The kernel development community talks often about subsystems and subsystem maintainers, but it is less than entirely clear about what a "subsystem" is in the first place. People wanting to understand how kernel development works could benefit from a clearer idea of what actually comprises a subsystem within the kernel. In an attempt to better understand how kernel development works, Pia Eichinger (and her colleagues Ralf Ramsauer, Stefanie Scherzinger, and Wolfgang Maurer) spent a lot of time looking for the actual boundaries; Eichinger presented that work at the 2021 online gathering.

    This work was undertaken to develop a more formalized model of how kernel development works. With such an understanding, it is hoped, ways can be found to make the process work better and to provide new tools. The researchers have a particular interest in safety-critical deployments of Linux. Safety-critical environments are highly sensitive; working software can make a life-or-death difference there. So safety-critical developers have to ensure software quality by any means available.


    At this point, she has some sort of definition of subsystems, twelve of which were identified at the top level. Those twelve were the Arm architecture, drivers, crypto, USB, DRM, networking, media, documentation, sound, SCSI, more Arm stuff (OMAP architecture code, for example), and Infiniband. Along with that, she has a tool that can automate this sort of subsystem detection. It is, she said, "just scratching the surface" of the problem, but it is a start.

    There are a number of ways this work could go in the future. One would be to examine historical kernel releases to build a history of how kernel subsystems have evolved over time. This model can also be used, of course, for the original purpose of determining how well the actual kernel patch flow conforms to the maintainer model. There may be scope for applying this technique to other projects as well.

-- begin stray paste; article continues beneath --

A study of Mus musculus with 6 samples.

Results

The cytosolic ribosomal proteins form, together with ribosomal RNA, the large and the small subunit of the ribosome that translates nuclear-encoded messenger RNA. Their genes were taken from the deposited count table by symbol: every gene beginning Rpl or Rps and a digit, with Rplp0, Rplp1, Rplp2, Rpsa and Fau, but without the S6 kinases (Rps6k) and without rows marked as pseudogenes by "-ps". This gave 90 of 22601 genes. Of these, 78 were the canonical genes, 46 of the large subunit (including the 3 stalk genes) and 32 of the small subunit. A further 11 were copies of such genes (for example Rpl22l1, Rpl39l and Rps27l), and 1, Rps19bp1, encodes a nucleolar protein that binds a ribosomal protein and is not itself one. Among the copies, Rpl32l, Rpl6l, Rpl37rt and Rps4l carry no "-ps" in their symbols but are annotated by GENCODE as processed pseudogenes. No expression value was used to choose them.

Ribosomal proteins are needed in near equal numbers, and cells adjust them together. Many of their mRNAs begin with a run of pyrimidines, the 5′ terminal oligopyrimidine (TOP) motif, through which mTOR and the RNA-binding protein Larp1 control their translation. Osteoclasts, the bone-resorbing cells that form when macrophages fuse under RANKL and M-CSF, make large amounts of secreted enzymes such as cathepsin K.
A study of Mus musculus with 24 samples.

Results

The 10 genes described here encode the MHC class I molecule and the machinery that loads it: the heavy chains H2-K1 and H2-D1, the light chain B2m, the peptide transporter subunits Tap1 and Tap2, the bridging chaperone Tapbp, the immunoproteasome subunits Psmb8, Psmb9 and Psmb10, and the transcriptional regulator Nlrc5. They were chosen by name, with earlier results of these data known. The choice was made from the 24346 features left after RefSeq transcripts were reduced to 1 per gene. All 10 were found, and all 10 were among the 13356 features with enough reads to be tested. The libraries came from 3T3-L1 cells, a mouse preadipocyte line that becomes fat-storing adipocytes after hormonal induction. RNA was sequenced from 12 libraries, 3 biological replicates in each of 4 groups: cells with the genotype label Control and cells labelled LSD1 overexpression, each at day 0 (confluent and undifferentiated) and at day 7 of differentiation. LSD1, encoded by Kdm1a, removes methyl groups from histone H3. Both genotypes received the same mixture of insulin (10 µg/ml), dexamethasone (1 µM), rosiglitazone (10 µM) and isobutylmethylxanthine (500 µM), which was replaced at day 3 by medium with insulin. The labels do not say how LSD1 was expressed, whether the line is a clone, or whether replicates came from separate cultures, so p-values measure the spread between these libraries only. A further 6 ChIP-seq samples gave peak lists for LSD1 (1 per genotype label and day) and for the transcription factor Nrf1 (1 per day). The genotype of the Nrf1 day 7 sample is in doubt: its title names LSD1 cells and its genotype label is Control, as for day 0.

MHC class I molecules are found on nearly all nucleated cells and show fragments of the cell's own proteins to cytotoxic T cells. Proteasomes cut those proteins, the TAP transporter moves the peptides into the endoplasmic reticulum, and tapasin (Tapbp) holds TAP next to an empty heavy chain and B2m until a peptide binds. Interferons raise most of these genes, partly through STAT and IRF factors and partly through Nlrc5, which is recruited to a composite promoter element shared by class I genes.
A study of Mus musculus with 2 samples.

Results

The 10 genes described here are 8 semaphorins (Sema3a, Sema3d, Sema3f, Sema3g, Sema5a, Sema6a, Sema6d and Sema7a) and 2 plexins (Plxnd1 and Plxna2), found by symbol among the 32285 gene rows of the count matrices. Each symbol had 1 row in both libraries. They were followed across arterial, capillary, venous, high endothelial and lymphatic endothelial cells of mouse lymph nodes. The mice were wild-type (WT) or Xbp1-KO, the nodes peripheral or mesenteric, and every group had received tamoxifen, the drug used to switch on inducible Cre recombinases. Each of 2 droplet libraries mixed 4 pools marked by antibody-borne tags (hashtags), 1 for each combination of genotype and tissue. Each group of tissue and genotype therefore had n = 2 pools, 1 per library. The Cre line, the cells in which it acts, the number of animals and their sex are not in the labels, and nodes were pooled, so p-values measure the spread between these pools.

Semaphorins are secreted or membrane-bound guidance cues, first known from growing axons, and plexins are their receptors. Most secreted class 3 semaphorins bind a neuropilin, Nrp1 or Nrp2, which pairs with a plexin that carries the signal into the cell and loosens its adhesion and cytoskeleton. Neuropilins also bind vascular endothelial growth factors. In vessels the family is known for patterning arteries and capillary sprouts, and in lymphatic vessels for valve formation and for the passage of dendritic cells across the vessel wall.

• Nouveau With Linux 5.12 Has ~5k L.O.C. Change In Preparing For Ampere - Phoronix

    With Linux 5.11 there is open-source Nouveau KMS support for Ampere GPUs -- just kernel mode-setting without any form of 3D acceleration. The actual hardware acceleration requires more work and also NVIDIA to release the necessary signed firmware binaries. With Linux 5.12 there still is no 3D acceleration but a big set of patches was merged as a step in that direction. 

    Nouveau still needs the signed firmware binaries for the GA100 / RTX30 Ampere acceleration but the patches queued into DRM-Next overnight are preparations for Ampere. In fact, it's nearly five thousand lines of code changed across a number of commits and is just restructuring the open-source driver code to be able to cope with all the new engine types and instances with Ampere. 


  • The 11 Most Interesting Features For Linux 5.11 - Lots For AMD + Intel This Cycle - Phoronix

    Linux 5.11 stable is expected to be released on Sunday barring any second thoughts by Linus Torvalds that could lead to an eighth weekly release candidate that would in turn push the official release back by one week. In any case, Linux 5.11 will be formally out soon and it's an exciting one on the feature front. 

    Linux 5.11 has many features / new hardware enablement from both AMD and Intel, new features like S.U.D. for helping out with Linux gaming, networking enhancements, and more. Below is a look at the eleven most interesting changes to find with the imminent Linux 5.11 release. 


  • Sony PlayStation 5 DualSense Controller Driver Coming To Linux 5.12 - Phoronix

    For as rough of a year as 2020 was, one of the many open-source accomplishments was Sony taking up "official" maintenance of their HID driver and ahead of Christmas to much surprise they published an official PlayStation 5 DualSense open-source controller driver for Linux. That PS5 controller driver is now set to be introduced with the imminent Linux 5.12 merge window. 

    That PlayStation 5 DualSense controller driver was initially published back in December, just days ahead of Christmas and fully open-source. The driver supports the PS5 controllers via USB and Bluetooth and supports nearly all of the functionality including extras like LEDs, motion sensors, battery reporting, light-bar control, rumble, etc.